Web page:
Welcome from the President and CEO
© Roger Mastroianni
As we near the end of the 2021–22 season, we reflect upon our first complete season of activity following the onset of the pandemic, and there is much to celebrate.
We welcomed full-capacity audiences for performances by the full complement of Orchestra, May Festival Chorus and, in April, Classical Roots Community Choir.
We furthered our commitment to accessibility through free livestreamed performances that reached viewers in all corners of the world.
We established deeper roots within our community and built a pathway to help develop a more diverse cohort of arts professionals through the creation of the Andrew J. Brady Neighborhood Concert Series and Internship Program.
We honor those who have poured countless hours of service into the organization through the years, especially our three retiring musicians—Paul Frankenfeld, Susan Marshall Petersen and Matthew Zory, Jr.—who have served in the Orchestra for a combined 116 years.
In this issue, we welcome the Classical Roots Community Choir back to the Music Hall stage and explore the traditions and history of Black theater with music from opera, cantata, Broadway, and much more. In Ken Smith’s article, we learn about the new oboe concerto, written for our own Principal Oboe Dwight Parry, and a work by Mexican composer Gabriela Ortiz, written in honor of her teacher and mentor, Mario Lavista. Anne Arenstein’s article gives us a behind-the-scenes look at the “chamber orchestra” of professionals working to deliver on every aspect of a livestreamed performance.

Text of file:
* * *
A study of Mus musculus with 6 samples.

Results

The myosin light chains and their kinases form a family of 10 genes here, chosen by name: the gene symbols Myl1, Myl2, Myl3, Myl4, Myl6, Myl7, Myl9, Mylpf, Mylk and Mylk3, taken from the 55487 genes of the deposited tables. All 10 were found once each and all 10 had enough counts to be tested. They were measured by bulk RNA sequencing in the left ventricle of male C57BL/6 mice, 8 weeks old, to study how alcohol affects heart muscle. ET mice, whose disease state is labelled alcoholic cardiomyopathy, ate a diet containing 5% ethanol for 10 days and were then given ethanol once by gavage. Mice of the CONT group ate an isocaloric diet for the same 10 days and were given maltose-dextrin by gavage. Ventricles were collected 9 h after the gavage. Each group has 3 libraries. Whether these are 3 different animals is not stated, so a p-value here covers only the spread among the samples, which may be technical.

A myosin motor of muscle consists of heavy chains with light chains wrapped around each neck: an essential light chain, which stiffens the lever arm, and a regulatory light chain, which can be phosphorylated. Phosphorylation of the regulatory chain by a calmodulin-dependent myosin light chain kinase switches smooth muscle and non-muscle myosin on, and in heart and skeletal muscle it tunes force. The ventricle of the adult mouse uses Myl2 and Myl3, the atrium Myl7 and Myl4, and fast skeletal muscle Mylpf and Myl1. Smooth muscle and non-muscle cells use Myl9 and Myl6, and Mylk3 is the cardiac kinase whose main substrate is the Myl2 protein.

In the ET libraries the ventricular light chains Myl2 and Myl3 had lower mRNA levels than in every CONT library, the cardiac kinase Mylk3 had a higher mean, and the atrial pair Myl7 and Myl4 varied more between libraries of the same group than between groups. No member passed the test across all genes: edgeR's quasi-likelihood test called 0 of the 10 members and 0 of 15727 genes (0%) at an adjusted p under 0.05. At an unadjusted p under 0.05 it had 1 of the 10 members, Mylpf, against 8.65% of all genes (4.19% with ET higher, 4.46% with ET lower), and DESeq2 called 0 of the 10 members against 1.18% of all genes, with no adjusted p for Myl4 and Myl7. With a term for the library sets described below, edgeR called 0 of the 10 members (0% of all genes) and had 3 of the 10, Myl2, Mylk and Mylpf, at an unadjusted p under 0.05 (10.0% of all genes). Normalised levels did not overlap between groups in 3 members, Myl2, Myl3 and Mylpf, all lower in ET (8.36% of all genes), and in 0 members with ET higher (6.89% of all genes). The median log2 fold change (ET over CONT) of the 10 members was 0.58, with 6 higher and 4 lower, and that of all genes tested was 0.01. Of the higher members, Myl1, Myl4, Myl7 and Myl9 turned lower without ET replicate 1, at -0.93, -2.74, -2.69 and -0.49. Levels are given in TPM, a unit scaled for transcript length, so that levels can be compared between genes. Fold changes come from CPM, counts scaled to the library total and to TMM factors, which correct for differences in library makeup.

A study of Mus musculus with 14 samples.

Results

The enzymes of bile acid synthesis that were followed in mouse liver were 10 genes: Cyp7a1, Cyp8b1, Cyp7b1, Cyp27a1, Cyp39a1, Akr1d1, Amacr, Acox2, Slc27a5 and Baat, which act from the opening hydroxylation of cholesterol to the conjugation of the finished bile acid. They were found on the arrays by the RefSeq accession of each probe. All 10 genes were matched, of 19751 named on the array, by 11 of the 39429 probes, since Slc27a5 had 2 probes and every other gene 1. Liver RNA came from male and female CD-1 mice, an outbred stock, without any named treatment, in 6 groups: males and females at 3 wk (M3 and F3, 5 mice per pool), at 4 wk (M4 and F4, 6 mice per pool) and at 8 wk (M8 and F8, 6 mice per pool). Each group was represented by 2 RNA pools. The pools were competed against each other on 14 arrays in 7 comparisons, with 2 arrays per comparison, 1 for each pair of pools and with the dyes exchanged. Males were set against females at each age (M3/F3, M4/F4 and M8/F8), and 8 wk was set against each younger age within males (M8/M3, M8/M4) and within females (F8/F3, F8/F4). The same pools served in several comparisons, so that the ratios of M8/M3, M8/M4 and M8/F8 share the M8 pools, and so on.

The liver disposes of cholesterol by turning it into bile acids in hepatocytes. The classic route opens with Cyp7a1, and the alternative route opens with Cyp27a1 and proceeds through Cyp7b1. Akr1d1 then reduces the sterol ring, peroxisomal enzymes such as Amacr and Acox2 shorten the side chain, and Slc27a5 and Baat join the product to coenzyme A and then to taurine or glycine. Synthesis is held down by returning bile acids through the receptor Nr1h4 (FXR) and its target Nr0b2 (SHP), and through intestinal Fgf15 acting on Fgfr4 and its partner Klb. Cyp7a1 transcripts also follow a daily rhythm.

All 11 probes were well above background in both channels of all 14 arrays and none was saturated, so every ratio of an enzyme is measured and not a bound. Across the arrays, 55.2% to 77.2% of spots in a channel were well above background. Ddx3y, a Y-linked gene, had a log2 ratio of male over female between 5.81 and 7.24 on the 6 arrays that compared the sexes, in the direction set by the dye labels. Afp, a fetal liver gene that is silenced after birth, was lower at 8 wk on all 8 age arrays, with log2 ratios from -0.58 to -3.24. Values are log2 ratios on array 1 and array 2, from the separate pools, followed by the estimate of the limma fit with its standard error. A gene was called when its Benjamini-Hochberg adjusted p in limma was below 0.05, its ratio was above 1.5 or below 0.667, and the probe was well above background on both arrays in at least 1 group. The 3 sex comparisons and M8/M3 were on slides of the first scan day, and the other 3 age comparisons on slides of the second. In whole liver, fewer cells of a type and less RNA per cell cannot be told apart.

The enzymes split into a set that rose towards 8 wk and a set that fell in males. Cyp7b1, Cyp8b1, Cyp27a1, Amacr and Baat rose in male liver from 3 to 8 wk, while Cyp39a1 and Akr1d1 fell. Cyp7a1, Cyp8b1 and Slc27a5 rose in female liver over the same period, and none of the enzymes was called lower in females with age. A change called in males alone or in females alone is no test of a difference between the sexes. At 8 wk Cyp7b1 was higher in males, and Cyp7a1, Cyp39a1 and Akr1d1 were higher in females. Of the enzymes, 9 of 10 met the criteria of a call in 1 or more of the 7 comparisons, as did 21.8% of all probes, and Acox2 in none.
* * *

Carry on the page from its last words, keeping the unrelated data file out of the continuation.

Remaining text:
John Morris Russell
And, in David Lyman’s feature, “Reflecting on 10 years with John Morris Russell,” we catch a glimpse into John’s decade with our organization and the impact he has had on the community. Although we are proud of John and the Cincinnati Pops for the success of Grammy-nominated albums, American Soundscapes and an international tour, what is most notable to each of us here in Cincinnati is the time, dedication and energy he brings to our community. His affinity for the history and people of Cincinnati is what sets our Pops orchestra apart—it is the Cincinnati Pops, not just in name, but in the music programmed, the stories told, the artists featured, and the conductor who leads. Thank you, John, for 10 remarkable years!
There is much to celebrate this season, including you, our audience and family. Thank you for joining us for each concert, livestream and event.